21/02/13 A Quick Trip To Paris
Craig writes: Bangkok, who would have thought just six million people could make so much pollution. There is a permanent fog of noxious gas hanging over this very broad and tall city that I have yet to encountered anywhere else. I found the air hard to breathe, my energy levels were constantly down and my mood was decidedly crabby. I did not enjoy this place. If cruising big air conditioned shopping centres is your thing you'll be fine. Sure, there are the usual cheap eateries, markets, massage places and some sites to see but there is no charm or character here. There are plenty of signs to warn you of bag snatchers on motor bikes and you can't catch a cab without being taken to a silk shop, a tailor or a jewellery store.
We did have a good day when we got out of the city and went to Dreamworld. It was the celebration for Charlie's birthday that we promised him back when he had to spend his big day in museums and palaces. The big attraction here was Snow Town. No actual snow but lots and lots of crushed and flaked ice. I think we all had visions of it being a bit like Narnia with endless places to explore and hide, soft powdery snow to roll in, to make snow angels and have long lobbing snow ball fights. Alas no. It was cold though, minus 7. There was a cool toboggan slide and you could make "snow balls" of a fashion. Without gloves though, trying to make a "snow ball" literally left your hands numb. If you did manage to press one out, which we did, throwing it at each other was out of the question. They were a solid block of ice. You could throw these things through a plate glass window, twice. We had thoughts of spending a couple of hours in there but they only supply with you a pair of plastic boots and a thin jacket designed to make sure you don't linger to long. Twenty minutes later, after half a dozen short toboggan rides and a photo op with the polar bear and the Woolly Mammoth we were out in the warm muggy air. At the risk of sounding like a theme park tosser, it's ok but it ain't Disneyland. There's some good rides and some pretty lame ones. The crowds aren't that bad although the 50 minute wait for the two minute Space Mountain ride, with no 360s, was the only real clanger. Still, the boys had a great time, Christina managed to escape and grab an hour long foot rub and Callum and I did some damage on the bumper cars.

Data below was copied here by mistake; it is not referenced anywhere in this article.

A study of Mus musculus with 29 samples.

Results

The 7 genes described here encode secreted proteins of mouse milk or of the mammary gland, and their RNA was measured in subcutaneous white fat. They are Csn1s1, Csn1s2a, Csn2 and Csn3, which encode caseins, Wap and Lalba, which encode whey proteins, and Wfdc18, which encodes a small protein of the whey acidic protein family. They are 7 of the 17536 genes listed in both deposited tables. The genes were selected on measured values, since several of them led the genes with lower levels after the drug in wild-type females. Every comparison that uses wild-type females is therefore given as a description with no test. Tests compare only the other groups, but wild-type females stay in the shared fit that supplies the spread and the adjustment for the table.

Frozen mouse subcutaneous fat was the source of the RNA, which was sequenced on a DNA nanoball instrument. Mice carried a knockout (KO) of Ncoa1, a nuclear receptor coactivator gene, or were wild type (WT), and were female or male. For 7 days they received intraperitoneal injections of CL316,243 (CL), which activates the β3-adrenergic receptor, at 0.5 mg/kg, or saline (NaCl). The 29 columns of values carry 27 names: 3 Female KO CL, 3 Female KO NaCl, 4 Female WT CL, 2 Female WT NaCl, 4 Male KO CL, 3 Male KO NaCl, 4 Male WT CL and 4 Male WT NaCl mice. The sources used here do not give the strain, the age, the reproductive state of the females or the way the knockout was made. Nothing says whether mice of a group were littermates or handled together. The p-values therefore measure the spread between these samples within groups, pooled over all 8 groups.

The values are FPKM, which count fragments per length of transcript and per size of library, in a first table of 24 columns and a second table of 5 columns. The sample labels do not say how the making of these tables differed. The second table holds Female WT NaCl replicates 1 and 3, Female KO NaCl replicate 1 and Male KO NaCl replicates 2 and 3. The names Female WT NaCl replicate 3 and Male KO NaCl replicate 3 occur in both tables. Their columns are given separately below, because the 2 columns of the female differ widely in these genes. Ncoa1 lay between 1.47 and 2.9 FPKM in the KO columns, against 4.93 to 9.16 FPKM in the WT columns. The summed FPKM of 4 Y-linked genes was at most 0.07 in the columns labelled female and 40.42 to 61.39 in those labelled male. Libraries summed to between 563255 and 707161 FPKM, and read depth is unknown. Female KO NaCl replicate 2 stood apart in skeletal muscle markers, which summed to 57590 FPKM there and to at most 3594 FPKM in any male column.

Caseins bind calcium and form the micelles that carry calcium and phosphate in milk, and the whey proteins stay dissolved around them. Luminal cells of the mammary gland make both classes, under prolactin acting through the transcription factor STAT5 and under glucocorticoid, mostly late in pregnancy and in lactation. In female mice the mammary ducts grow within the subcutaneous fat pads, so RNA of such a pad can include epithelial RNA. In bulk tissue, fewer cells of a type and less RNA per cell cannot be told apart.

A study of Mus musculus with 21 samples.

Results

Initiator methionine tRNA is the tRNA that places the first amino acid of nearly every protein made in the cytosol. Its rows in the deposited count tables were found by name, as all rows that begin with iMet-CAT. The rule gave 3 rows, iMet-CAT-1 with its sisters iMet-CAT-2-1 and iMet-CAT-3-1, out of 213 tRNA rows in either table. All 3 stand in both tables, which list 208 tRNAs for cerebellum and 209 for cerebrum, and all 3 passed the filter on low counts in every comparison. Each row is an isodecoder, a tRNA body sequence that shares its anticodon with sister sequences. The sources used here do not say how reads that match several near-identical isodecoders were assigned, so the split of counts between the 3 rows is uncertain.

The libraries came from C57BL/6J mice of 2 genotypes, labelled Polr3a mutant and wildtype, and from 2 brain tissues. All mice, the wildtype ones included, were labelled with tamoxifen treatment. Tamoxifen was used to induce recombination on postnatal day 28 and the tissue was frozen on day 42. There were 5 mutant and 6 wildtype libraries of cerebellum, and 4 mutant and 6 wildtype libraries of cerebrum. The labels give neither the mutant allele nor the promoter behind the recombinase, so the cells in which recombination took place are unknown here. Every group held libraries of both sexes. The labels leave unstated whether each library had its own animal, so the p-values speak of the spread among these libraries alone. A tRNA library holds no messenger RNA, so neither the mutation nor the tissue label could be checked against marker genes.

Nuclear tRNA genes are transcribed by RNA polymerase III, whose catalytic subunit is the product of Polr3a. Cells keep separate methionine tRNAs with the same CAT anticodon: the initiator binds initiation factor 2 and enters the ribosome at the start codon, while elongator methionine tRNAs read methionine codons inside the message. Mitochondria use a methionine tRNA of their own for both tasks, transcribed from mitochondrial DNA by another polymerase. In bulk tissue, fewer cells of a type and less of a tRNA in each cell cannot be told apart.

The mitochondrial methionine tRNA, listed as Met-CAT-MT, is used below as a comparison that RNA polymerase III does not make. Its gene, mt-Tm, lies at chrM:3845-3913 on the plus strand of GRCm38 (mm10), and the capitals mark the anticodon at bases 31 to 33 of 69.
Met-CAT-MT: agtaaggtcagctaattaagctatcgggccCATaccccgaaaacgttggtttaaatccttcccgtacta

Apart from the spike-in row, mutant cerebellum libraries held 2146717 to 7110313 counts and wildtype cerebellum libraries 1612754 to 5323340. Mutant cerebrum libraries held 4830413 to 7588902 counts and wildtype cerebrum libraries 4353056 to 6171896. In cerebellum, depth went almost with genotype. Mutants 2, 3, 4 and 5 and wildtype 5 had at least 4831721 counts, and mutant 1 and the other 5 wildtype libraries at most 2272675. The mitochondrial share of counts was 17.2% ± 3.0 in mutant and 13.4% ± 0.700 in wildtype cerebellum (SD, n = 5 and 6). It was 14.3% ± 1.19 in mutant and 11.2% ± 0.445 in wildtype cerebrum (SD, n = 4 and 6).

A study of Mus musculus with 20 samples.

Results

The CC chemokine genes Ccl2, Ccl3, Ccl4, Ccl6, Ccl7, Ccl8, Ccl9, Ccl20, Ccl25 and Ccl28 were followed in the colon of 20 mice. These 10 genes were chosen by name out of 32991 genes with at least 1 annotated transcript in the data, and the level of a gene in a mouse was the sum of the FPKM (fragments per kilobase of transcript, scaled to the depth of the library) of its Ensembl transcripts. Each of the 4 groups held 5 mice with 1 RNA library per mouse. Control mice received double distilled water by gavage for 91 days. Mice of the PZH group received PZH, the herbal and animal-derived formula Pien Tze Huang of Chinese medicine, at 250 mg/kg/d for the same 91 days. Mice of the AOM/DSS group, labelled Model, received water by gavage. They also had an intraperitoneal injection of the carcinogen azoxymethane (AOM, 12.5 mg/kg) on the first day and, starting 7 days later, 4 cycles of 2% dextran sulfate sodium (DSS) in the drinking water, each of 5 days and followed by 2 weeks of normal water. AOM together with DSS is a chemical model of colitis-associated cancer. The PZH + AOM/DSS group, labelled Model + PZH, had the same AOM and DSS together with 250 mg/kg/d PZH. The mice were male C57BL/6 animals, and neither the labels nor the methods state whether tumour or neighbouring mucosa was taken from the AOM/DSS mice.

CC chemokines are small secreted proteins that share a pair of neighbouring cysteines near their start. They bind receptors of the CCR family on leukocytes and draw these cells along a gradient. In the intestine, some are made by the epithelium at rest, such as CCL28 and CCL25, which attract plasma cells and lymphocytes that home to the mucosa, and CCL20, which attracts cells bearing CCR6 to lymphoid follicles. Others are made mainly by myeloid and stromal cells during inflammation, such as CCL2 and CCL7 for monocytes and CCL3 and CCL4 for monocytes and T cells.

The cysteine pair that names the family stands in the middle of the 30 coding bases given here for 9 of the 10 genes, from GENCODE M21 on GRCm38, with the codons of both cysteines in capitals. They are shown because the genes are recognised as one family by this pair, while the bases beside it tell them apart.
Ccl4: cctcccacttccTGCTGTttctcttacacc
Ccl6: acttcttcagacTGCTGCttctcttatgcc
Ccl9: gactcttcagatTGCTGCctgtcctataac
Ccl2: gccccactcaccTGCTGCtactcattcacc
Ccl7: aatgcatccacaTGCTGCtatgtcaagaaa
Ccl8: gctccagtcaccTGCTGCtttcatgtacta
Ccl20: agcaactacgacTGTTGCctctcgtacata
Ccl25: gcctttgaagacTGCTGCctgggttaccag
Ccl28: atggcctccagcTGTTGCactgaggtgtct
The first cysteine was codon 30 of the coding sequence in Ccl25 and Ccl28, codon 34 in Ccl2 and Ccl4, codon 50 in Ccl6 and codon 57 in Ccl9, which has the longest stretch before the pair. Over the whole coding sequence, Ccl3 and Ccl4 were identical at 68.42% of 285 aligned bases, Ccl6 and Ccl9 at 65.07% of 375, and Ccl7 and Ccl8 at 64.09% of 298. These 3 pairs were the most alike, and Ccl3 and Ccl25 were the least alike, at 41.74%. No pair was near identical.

I knew the Thai's had a great respect and admiration for their Royal family but the city is practically a monument to them. There are pictures, elaborate shrines and massive billboards everywhere. Mostly portraits of him looking very earnest and regal in the full royal regalia with a chest full of medals and colourful pins. There was an odd one of him near the airport dressed in some nice designer casual wear. He's wearing an open neck shirt with a camera slung around his neck like he's a tourist just popping up from the country to visit a few temples and take some happy snaps. Maybe thats his wink and a nod to the common people. He is definitely a total rock star here. The Queen also has her fare share of exposure, but there is no doubt it is the Kings show.
For our last meal in Asia we decided to leave the boys in the hotel and go to Paris. Well Paris in Bangkok. The write up said it was ranked 116 out of 1600 reviewed restaurants, and, only 100 metres from our hotel. Being a Friday night we didn't fancy our chances but it was our last night and real close. So, you could imagine our surprise when at 8pm we walk in to find just us and one other couple. Apparently a major traffic jam in the city and some big cancellations had kept the place empty. As one of only two potential sources of tips for the evening we were given maximum attention. At one stage we had four waiters hovering, two loitered permanently. One literally stood three metres away, staring intently and trying to anticipate our every need. No glass stood empty for more than a few seconds , the bread basket was never empty and if I made the mistake of glancing his way he'd be on me like fat on a hog to ask if everything was alright. By the time we left the restaurant he was finishing my sentences for me.
Outside of the city, I like Thailand. It's modern in parts with enough village charm in others to know your in an old country with a culture borne of a millennia of complex, intriguing and often violent history.
We've loved it here, like we have the whole of South East Asia and would recommend it whole heartily. Well be back!